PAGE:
U.S. Border Patrol and ACLU to Argue Dismissing Cross-Border Shooting Case

Border Patrol agents stood behind the fence at the top of this precipice and shot Jose Antonio Elana Rodriguez in the back
Border Patrol agents stood behind the fence at the top of this precipice and shot Jose Antonio Elana Rodriguez in the back
Courtesy of the ACLU

Oral arguments will begin this afternoon over a motion to dismiss in Rodriguez v Swartz, a widely-publicized lawsuit concerning the shooting of 16-year-old Mexican national Jose Antonio Elena Rodriguez by U.S. Border Patrol agents on October 10, 2012. In question is whether, and under what circumstances, U.S. Constitutional protections and laws extend beyond the border.

The outcome of today’s decision has the potential to set a great deal of precedence because the extraterritoriality of the Constitution in cross-border shooting situations like this “is not an issue that has been in front of a lot of courts,” says James Lyall, an attorney with the Arizona chapter of the ACLU, and co-counsel for the case. He expects whichever party loses to file an appeal, and adds that “the issues of the motion will be litigated thoroughly,” even if that means going to the U.S. Supreme Court.

According to the plaintiffs, two witnesses saw Jose Antonio “peacefully walking” home at 11:30 p.m. on Calle Internacional—a street in Nogales, Mexico, that runs parallel to the border fence—when one or more U.S. Border Patrol agents opened fire from the U.S. side and killed him. An autopsy report reveals he was shot 10 times in the back. Border Patrol agents say they were responding to illicit cross-border activity, and that the boy threw rocks at them, but no proof of that has ever been presented because the agency will not release the security-camera video footage

Jose Antonio’s mother, Araceli Rodriguez, filed a lawsuit in July 2014 against the agents who killed her son for violating his Fourth and Fifth Amendment rights. Court documents explain that defendants—which include at least one of the shooting agents, Lonnie Swartz — believe the U.S. laws in question “do not apply extraterritorially and that the entire suit must be dismissed, because [Jose Antonio] was standing on Mexican soil when he was shot and was later determined to be a Mexican citizen.”

The plaintiffs oppose this motion, and counter that because the officer was on U.S. soil, American laws about the excessive use of force apply. “To have any other result would mean agents like Swartz have impunity,” Lyall explains.

A 2008 Supreme Court decision, Boumediene v Bush, reaffirmed that the Constitution extends extraterritorially unless it would be “impractical or anomalous” to do so in a particular situation. “[In the case of Rodriguez v Swartz], there is nothing impracticable or anomalous about requiring [the] Defendant to comply with the constitutional limits on the use of deadly force when he fires through the fence at an unarmed civilian,” states court documents submitted by the plaintiff.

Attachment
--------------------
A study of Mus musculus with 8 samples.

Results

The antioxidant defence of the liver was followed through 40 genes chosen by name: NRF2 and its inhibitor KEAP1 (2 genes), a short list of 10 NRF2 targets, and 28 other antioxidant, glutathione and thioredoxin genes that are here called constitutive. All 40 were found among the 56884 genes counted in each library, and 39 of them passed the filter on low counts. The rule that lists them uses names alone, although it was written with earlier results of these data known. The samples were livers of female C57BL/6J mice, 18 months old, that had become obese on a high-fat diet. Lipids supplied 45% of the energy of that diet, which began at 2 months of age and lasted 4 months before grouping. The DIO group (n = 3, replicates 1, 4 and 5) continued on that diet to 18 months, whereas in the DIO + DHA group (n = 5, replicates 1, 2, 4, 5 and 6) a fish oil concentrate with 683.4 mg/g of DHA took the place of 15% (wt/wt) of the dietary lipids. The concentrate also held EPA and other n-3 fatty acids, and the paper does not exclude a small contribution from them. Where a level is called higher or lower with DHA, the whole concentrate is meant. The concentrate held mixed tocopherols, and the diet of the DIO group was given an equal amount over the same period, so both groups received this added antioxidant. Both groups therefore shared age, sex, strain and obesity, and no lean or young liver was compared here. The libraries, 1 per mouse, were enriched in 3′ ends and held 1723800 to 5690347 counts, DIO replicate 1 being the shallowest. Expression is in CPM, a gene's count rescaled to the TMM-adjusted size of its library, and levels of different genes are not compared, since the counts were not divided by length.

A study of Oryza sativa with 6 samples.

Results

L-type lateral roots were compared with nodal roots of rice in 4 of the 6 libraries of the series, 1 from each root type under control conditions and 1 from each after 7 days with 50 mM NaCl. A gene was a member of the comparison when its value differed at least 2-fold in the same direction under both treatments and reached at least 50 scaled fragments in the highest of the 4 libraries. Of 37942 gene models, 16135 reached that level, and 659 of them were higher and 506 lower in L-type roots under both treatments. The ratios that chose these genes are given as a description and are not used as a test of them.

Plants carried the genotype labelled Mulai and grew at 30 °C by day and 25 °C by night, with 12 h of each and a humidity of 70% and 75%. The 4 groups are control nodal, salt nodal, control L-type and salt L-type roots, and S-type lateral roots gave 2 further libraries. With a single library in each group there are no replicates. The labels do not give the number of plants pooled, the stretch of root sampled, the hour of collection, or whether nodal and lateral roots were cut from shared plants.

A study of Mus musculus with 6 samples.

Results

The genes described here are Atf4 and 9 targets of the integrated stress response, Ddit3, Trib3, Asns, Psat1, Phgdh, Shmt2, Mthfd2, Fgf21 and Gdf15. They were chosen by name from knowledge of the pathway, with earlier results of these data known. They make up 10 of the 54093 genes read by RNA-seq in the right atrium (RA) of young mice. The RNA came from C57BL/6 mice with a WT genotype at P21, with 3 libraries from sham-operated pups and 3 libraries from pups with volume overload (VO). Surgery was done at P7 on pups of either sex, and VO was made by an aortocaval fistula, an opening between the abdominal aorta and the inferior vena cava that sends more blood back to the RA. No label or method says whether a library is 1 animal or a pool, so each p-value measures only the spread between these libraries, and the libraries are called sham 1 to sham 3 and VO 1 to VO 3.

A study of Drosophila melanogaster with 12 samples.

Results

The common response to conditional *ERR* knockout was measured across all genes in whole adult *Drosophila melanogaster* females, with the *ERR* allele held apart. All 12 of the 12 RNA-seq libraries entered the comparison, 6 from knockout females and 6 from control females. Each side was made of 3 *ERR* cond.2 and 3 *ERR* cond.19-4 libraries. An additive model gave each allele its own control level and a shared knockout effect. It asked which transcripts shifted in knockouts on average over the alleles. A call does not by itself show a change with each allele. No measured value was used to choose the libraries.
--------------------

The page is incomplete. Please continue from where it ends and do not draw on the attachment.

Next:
“What would be anomalous is a legal rule that allows border agents to fatally shoot someone on the other side of the border—even intentionally—with constitutional impunity.”

While courts in the U.S. 9th Circuit Court of Appeals, which include Arizona, have yet to hear a case like this, just last month the 5th Circuit Court of Appeals ruled that the family of a 15-year-old Mexican teen who was fatally shot by a U.S. Border Patrol agent standing on American soil could not sue in a U.S. Court. Lyall calls the outcome of today’s arguments “hard to predict.”

Cross-border shootings are not an uncommon occurrence along the U.S.-Mexico border. A December 2013 investigation by The Arizona Republic found that Border Patrol agents and Customs and Border Protection officers had been involved in at least 42 use-of-force deaths since 2005. And “in none of the 42 deaths is any agent or officer publicly known to have faced consequences — not from the Border Patrol, not from Customs and Border Protection or Homeland Security, not from the Department of Justice, and not, ultimately, from criminal or civil courts.”

What’s more, the public is not usually privy to any sort of play-by-play breakdown of events. “The government said Swartz was the only [agent] to fire” at Jose Antonio, Lyall tells New Times, “but they haven’t released the video footage.” This secrecy is part of the reason why, even two-and-a-half years after Jose Antonio was shot, the public still does not have a totally “clear picture of what happened,” he adds. “This has not been a transparent investigation.”

“Agent Swartz, standing on U.S. soil, killed an unarmed teenage boy innocently walking along the street on the other side of the border. If he believes the shooting was justified, he will have the opportunity to make that showing,” states the plaintiff’s opposition to the motion to dismiss. “But there is no support for [the] Defendant’s contention that he need not even answer the allegations because [Jose Antonio] was on Mexican soil and subsequently determined to be a Mexican national.”

At a time when local law enforcement agencies around the country are under a microscope for their use-of-force protocols and practices, the plaintiffs in this case feel that the unwillingness of the federal government to hold the Border Patrol to the same standards is hypocritical. “Any other force would be under a lot of scrutiny,” Lyall says, “but the largest federal law enforcement agency gets a free pass?”

Got a tip? Send it to: Miriam Wasser.
Follow Valley Fever on Twitter at @ValleyFeverPHX.
Follow Miriam Wasser at @MiriamWasser.